December 14, 2011
Army, Air Force & Navy in battle for Boyd
Although Jalen Boyd of Louisville (Ky.) Western High School has served most of his high school football career at cornerback, the 6-foot-1, 190 prospect could most likely end up at safety at the next level.
However, albeit corner or safety, Boyd can cause havoc for receivers, running backs and quarterbacks alike.
The rangy recruit already has offers on his plate from Stanford, UCLA, Air Force, Navy, Hawaii and Illinois and you can now add Army to that list.
On Tuesday evening, Boyd, who has been actively recruited by the Black Knights received an in-home visit from Army's cornerback coach, Tony Coaxum.
And although we are talking football, Boyd should clearly realize that if Army is knocking on his door now, it's represent a full court press level of interest.
"It was very good," says Boyd of his visit from the Army staff. "Coach Coaxum showed me what it would be like to attend West Point and playing football for Army. This was the first time we met in person, but we have been in contact for some time."
Even with Boyd's recent commitment to Air Force, he and his father, Lavell, who also doubles as Jalen's head coach made it clear that Western High prospect will explore all options that are consistent with what Boyd is looking for in a college.
So, what exactly are Boyd's prerequisites for considering a college? The father and son tandem conclude that leadership development is an important factor, which they feel are the calling card for all three service academies. So the race is now on for Boyd as noted by the matriarch and coach.
"Yes, he committed (12/7) to Air Force, but Navy and Army have offered in the last few days," shares the senior Boyd. "My take on it is after football, what is there? Jalen is a little bit different type of kid. He expressed that he wanted to be a leader of tomorrow and the service academies are definitely the place where the leaders come from."
"I feel like all three of the academy programs are great place to grow and be a leader," weighs in Jalen, who says that he is looking beyond his playing days. "College football you have four years and if you are fortunate enough to go to the NFL, good, but after that ... what's next? But with the academies, you have a bright future."
With Jalen's soft verbal to Air Force, Lavell Boyd noted that his son will be on the campus of all three of the academies. "That being said, he's going to take all of his visits," adds the senior Boyd. "This is a once in a lifetime opportunity so you want to make sure you are making the right decision."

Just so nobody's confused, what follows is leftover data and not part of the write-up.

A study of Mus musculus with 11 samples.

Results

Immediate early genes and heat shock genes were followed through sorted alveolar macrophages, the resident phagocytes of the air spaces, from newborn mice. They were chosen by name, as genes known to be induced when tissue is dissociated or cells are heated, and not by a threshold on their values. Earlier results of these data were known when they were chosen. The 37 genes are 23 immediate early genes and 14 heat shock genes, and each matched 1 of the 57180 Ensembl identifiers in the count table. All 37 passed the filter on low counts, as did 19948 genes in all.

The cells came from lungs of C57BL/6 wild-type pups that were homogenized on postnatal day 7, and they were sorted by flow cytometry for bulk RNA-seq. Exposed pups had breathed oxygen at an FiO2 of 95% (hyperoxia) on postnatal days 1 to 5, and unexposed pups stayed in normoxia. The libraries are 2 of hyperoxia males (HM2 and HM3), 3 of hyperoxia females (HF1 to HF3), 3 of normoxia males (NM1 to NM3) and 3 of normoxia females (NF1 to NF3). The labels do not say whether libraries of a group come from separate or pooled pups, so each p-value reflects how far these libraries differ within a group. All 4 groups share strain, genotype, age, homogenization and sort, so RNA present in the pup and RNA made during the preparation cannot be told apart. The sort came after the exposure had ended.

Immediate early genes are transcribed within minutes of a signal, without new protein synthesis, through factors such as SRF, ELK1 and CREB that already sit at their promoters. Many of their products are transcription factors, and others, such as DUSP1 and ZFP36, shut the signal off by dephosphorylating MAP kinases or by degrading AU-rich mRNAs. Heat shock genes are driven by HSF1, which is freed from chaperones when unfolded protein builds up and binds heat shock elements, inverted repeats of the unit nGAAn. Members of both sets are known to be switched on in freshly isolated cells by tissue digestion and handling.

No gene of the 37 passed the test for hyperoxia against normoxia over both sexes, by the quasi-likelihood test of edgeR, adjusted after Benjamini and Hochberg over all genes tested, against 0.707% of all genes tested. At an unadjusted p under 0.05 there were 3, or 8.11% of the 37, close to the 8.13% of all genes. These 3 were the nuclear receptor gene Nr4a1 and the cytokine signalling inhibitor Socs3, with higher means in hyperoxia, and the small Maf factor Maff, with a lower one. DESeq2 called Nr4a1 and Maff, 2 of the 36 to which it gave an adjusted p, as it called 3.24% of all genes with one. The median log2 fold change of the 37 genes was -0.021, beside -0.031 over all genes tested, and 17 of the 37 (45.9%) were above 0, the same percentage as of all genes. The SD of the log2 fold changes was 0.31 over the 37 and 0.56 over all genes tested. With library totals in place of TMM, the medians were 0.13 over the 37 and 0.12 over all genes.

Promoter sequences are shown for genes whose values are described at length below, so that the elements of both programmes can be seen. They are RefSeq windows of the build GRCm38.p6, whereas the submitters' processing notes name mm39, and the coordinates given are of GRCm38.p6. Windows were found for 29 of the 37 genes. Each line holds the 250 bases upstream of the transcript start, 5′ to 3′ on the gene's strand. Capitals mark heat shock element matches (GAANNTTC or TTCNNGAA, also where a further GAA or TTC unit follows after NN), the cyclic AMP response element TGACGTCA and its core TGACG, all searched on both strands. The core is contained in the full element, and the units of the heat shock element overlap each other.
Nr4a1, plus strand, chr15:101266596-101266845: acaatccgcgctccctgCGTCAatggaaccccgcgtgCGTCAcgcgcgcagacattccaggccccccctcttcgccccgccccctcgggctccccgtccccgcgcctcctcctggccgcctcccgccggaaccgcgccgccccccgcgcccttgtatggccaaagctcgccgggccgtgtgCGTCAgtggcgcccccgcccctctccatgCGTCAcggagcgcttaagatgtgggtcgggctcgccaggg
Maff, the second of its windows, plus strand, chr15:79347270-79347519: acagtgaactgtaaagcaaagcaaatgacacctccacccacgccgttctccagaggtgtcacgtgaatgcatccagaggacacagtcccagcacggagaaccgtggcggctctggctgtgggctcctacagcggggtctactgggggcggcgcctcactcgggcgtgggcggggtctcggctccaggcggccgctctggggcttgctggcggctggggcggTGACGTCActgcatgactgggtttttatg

Boyd is scheduled to visit Navy on the 13th of January, then Air Force on the 20th, followed by Army on the 27th. He was also considering visiting Illinois or Marshall on the 6th, but it's not official yet.
And what about Boyd's offer from the Cardinals of Stanford? "They haven't recruited him since Harbaugh left there," shared Boyd's dad, who is referring to Jim Harbaugh's departure from the collegiate level to take on the head coaching job with the San Francisco 49ers. "That was one of those early offers from his junior year."
It appears that most colleges are projecting safety for Boyd at the next level, although he has played some corner this past season.
"We put him at corner this year out of necessity because we lost one of our top guys and he was able to play there," shares his coach and dad. "At the end of the year we moved him back to safety."
"His strength is that he is a good tackler and out of all the stuff that he does well, I think tackling is his strong point. Most colleges are projecting him as a safety."
"I just like to make plays ... I love run support that's my strength, but good at coverage too," Jalen adds. "At my school, my friends would always call me Patrick Peterson (Arizona Cardinals)."
Boyd also added that beyond the academics and leadership development, there has to be a vibe between himself and the program. "I'm looking for an opportunity to play and even play early, but I just want to go to a school where I'm comfortable with the coaches and not a new staff every four years," he says.
Boyd maintains a 3.1 GPA and plans on majoring in communications.